It’s been over one year since MicroVentures teamed up with Indiegogo to form First Democracy VC (FDVC), a registered funding portal that allows investors like you to support startups. Since then, more than 20 startups have been funded via FDVC in a wide range of industries – from gaming and film to distilleries and restaurants.
That said, startup investing is extremely nuanced and can be very different from other types of investing. Today, we wanted to offer some guidelines for first-time startup investors new to FDVC:
- Learn the lingo.
As we mentioned in our previous investment guide, startup investing will require you to deal with complex financial products and risky investments – you should not invest money you can’t afford to lose. To help you do that, it is best you understand common venture capital terms. Understanding the difference between a primary and secondary investment or common and preferred stock will help you better outline your investment strategy and stick to it. Understanding the many different financial instruments will also influence your decision making, as you may prefer debt instruments to equity instruments – or even a convertible note. If you don’t understand the mechanisms of startup investing, you risk the chance of being disappointed down the line.
- Know where to look.
Once you nail down your investment strategy, deciding which funding portal to invest through is the next step. There are any number of online platforms, like FDVC, that provide investment opportunities. However, not all are created equally. Some may focus on one type of industry, such as renewable energy, entertainment, or real estate. Some have lower investment minimums ($50 to $100). All will have different relationships to founders or other VCs in Silicon Valley and around the world. Keep in mind that crowdfunding intermediaries must register with the Securities and Exchange Commission (SEC) as a broker or as a funding portal and become a member of a national securities association (FINRA). You can view the complete list here.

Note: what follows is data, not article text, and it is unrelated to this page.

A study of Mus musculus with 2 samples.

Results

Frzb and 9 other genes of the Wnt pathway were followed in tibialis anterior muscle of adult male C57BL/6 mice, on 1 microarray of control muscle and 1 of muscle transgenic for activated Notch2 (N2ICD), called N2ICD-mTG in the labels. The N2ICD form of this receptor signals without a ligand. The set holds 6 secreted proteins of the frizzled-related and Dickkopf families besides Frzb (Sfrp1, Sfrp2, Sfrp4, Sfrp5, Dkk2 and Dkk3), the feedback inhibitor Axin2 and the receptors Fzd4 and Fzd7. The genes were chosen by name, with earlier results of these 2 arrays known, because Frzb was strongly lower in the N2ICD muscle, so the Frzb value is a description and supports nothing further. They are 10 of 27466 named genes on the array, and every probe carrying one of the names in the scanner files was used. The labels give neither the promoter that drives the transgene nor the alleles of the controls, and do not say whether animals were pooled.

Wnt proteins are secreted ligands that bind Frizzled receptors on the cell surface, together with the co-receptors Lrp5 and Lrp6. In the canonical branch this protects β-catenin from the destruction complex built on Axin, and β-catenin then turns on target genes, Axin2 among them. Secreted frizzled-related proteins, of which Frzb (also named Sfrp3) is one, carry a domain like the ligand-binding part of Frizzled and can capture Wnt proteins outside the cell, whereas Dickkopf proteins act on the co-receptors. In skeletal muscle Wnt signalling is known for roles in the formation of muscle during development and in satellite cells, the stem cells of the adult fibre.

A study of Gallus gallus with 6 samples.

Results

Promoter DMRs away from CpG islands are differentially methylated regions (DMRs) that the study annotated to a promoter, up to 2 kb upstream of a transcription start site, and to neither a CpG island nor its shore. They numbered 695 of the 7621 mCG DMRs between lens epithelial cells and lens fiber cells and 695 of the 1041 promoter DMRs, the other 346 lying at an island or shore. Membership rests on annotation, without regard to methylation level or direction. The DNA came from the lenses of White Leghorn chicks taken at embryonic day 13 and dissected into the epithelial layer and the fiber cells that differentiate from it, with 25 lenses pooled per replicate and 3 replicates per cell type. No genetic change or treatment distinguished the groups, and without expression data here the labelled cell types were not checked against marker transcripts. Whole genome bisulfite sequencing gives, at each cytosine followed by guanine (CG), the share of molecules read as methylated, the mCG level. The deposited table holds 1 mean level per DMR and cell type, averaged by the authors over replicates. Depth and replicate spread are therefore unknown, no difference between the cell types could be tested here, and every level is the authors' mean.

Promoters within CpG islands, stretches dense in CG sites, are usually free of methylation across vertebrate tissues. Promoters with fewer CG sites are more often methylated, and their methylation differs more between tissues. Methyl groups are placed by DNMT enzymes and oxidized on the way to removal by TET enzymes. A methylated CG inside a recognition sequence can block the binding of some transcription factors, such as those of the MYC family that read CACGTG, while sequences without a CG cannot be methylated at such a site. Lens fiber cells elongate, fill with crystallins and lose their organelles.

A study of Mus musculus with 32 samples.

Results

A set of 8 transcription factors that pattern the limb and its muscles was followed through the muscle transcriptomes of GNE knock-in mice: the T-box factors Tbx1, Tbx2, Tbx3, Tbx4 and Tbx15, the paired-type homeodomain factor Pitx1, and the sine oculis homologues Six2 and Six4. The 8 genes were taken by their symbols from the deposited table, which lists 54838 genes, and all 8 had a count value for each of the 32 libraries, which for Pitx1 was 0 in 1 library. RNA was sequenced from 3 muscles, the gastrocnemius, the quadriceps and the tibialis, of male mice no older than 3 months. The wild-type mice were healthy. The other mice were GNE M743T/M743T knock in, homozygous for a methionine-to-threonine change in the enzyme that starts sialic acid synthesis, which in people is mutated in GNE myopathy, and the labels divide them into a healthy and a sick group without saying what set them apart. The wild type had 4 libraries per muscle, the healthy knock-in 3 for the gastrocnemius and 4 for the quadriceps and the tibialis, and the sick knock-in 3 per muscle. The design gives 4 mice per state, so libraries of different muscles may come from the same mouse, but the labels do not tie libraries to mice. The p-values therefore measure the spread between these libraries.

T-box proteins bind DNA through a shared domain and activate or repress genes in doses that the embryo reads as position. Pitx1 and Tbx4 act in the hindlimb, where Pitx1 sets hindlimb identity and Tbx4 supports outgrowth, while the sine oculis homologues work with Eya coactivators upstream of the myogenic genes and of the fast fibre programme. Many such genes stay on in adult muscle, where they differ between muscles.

- Dig into due diligence.
Many investors will have their own way of performing due diligence. Depending on what they prioritize in a startup, some will focus more on the team, some the market and competitors, and some the business model or other factors. Whatever you value, many investors recommend due diligence into cash flows, valuations, founders, exit strategy, product traction, and overall funding needs.
- Ask questions.
Going hand in hand with due diligence is making sure you have two-way communication. Investor updates are one way to stay up to date on the startups in which you invest, but you also want to be able to have all the information you need before you invest. Startups raising through FDVC have a dedicated investor discussion board, where you can dig deeper into financials, business models, the industry, and more with the founders themselves.
- Know how to diversify.
Startup investing is risky. For every successful company, there are many, many others that don’t reach the Unicorn Club (companies with a valuation of at least $1 billion) or make it to the five-year mark. That said, diversification of and within asset classes, particularly alternative assets, can potentially reduce portfolio concentration. Within a given portfolio, an investor can diversify in an attempt to mitigate extreme losses.